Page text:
The Tragedy of Hamlet

2 All the world's a stage, And all the men and women merely players; They have their exits and their entrances, And one man in his time plays many parts, --William Shakespeare “As You Like It,” Act II, Scene 7

3 Explore the ways in which dramatists have made use of monologues and/or soliloquies in at least two plays you have studied.

4 Plays employ various kinds of structural divisions such as prologues and epilogues, act and scene divisions, even carefully placed intermissions. Discuss the dramatic uses made of these divisions in at least two plays you have studied.

5 “A play should make you laugh or should make you cry
“A play should make you laugh or should make you cry.” With reference to at least two plays you have studied, discuss the methods playwrights use to generate emotional response in their audiences.

6 Speeches achieve purposes
What does the dialogue between Hamlet, Gertrude, and Claudius reveal? (I, ii, 65-86) What purpose is achieved with Claudius’ monologue? (I, ii ) Which lines best achieve the purpose? What purpose is achieved with Hamlet’s soliloquy? (I, ii, ) Which lines best achieve the purpose?

7 Speeches achieve Purpose
What does Laertes’ monologue to his sister, Ophelia, reveal about the expectations of sexual relationships? What is Polonius’ message to his son? How does this speech provide a context for life at court? How is Ophelia’s character developed through her responses to her brother and her father?

8 Dramatic Irony Shakespeare’s use of dramatic irony not only creates tension when the audience views Hamlet interact with Claudius, Gertrude, and Polonius, but also it develops the lingering thematic question about whether or not Hamlet is mad for Ophelia’s love.

9 ‘How , Why, The Situation’
Vague specific The soliloquy expresses how he feels about his mother. The dialogue shows Hamlet’s emotions about this situation. Hamlet’s soliloquy reveals his anger toward his mother and his feelings of betrayal. The dialogue reveals that Hamlet is still grieving for his late father while Gertrude and Claudius have moved on and married.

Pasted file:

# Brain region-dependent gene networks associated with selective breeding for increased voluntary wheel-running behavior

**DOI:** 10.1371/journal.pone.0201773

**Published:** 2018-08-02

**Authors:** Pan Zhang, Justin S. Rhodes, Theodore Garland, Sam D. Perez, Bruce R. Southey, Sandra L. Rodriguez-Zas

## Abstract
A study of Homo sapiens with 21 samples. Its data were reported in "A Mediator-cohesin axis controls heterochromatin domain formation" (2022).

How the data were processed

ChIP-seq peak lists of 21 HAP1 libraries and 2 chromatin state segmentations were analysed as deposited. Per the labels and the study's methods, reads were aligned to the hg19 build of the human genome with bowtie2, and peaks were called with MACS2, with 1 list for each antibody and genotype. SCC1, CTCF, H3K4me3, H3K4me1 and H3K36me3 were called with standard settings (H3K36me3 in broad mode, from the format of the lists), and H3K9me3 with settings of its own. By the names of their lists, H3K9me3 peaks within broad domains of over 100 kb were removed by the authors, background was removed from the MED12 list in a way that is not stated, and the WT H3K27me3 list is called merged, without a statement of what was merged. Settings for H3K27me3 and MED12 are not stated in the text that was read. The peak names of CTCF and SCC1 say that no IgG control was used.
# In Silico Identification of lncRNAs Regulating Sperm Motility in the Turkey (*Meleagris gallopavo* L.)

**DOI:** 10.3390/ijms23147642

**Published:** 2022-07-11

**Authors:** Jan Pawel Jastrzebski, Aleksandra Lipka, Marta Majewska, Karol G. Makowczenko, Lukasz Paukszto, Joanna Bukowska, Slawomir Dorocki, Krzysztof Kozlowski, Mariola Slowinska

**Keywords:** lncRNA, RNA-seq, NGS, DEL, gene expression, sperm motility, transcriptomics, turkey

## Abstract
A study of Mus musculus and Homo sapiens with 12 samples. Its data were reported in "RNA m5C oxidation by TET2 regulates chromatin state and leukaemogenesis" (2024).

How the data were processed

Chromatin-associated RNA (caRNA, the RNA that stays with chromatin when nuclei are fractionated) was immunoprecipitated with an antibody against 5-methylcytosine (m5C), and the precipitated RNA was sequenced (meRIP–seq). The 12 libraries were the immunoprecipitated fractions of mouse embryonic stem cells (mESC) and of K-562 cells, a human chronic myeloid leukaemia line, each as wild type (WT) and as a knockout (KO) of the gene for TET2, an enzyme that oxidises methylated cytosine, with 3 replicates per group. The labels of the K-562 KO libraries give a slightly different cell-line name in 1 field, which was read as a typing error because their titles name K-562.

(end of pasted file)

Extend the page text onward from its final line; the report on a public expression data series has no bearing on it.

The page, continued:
10 ‘How, Why, The Situation’
vague specific The dialogue shows why they argue. The soliloquy persuades readers into believing what he feels about his mother. The dialogue between the queen, king, and Hamlet shows a broken family. The soliloquy achieves the purpose of revealing Hamlet’s desire for suicide and his feelings of contempt for his mother’s hasty marriage.

11 ‘Theater of the Mind’ Why do we allow ourselves to suffer?
If you knew with certainty that when you die you will have peace and go to heaven, why not just seek death? In what ways do our thoughts prolong our suffering? What is the relationship between consciousness, conscience, and death?

12 ‘Theater of the Mind’ Hamlet in many ways is a deconstructive work. There seems to be a distinct incongruity between what “seems” and “nay it is. I know not ‘seems’,” in other words, reality. What assumptions about reality is Shakespeare willing to confront through his characters’ speeches? How does Hamlet’s famous soliloquy ‘to be or not to be’ represent ‘theater of the mind’?

13 Cognitive Theory the play itself is a deliberate cognitive exploration of problems of human consciousness and action, and Shakespeare a kind of cognitive theorist. 

14 “To Be or Not To Be” What is the message of Hamlet’s speech?
How did Shakespeare craft Hamlet’s message? Which choices has he made? Metaphors? Puns? Alliteration? Subordinate clauses? Questions? What purpose is achieved with this speech? How might Hamlet’s speech reveal the dramatic question the play needs answered?

15 Structure-”Play within the play”
Discuss at least two dramatic uses of ‘the play within the play’ (Act III, scene 2) Connections to other scenes, e.g., the analogy of Pyrrhus and Priam Rising action, tension, conflict in the plot Character development Themes related to Hamlet’s speeches Analogy for larger philosophical ideas

16 Fortinbras—foil to Hamlet
Act IV, scene 4 Compare Fortinbras to Hamlet What does Hamlet’s soliloquy reveal his thoughts and feelings about Fortinbras? How is this comparison achieved? What purpose does this comparison serve? Evaluate Shakespeare’s choice to include this scene. Develop an argument that Fortinbras is a necessary external political conflict.

17 Ophelia: The Ophelia Syndrome
What are the causes of Ophelia’s suicide? Ophelia’s suicide is the result of low-self esteem and a domineering patriarchal society, which allows men to determine how women will think and behave.

18 Gertrude: Oedipal Complex
Why is Gertrude so blind to her surroundings? “Have you eyes?” Hamlet asks her. What type of woman is Gertrude? How might a feminist view and evaluate Gertrude? How might a Freudian reading of her complicate her relationship with Hamlet?

19 Hamartia: tragic flaw Hamartia is any error in judgment that brings about the protagonist’s downfall. Tragic flaw refers to a characteristic which brings about the sudden reversal, “peripity”, of the tragic hero’s fortune. Think about the characters who are dead at the end of the play. What was each character’s tragic flaw? Is it accurate to suggest Hamlet’s hamartia was his tragic flaw?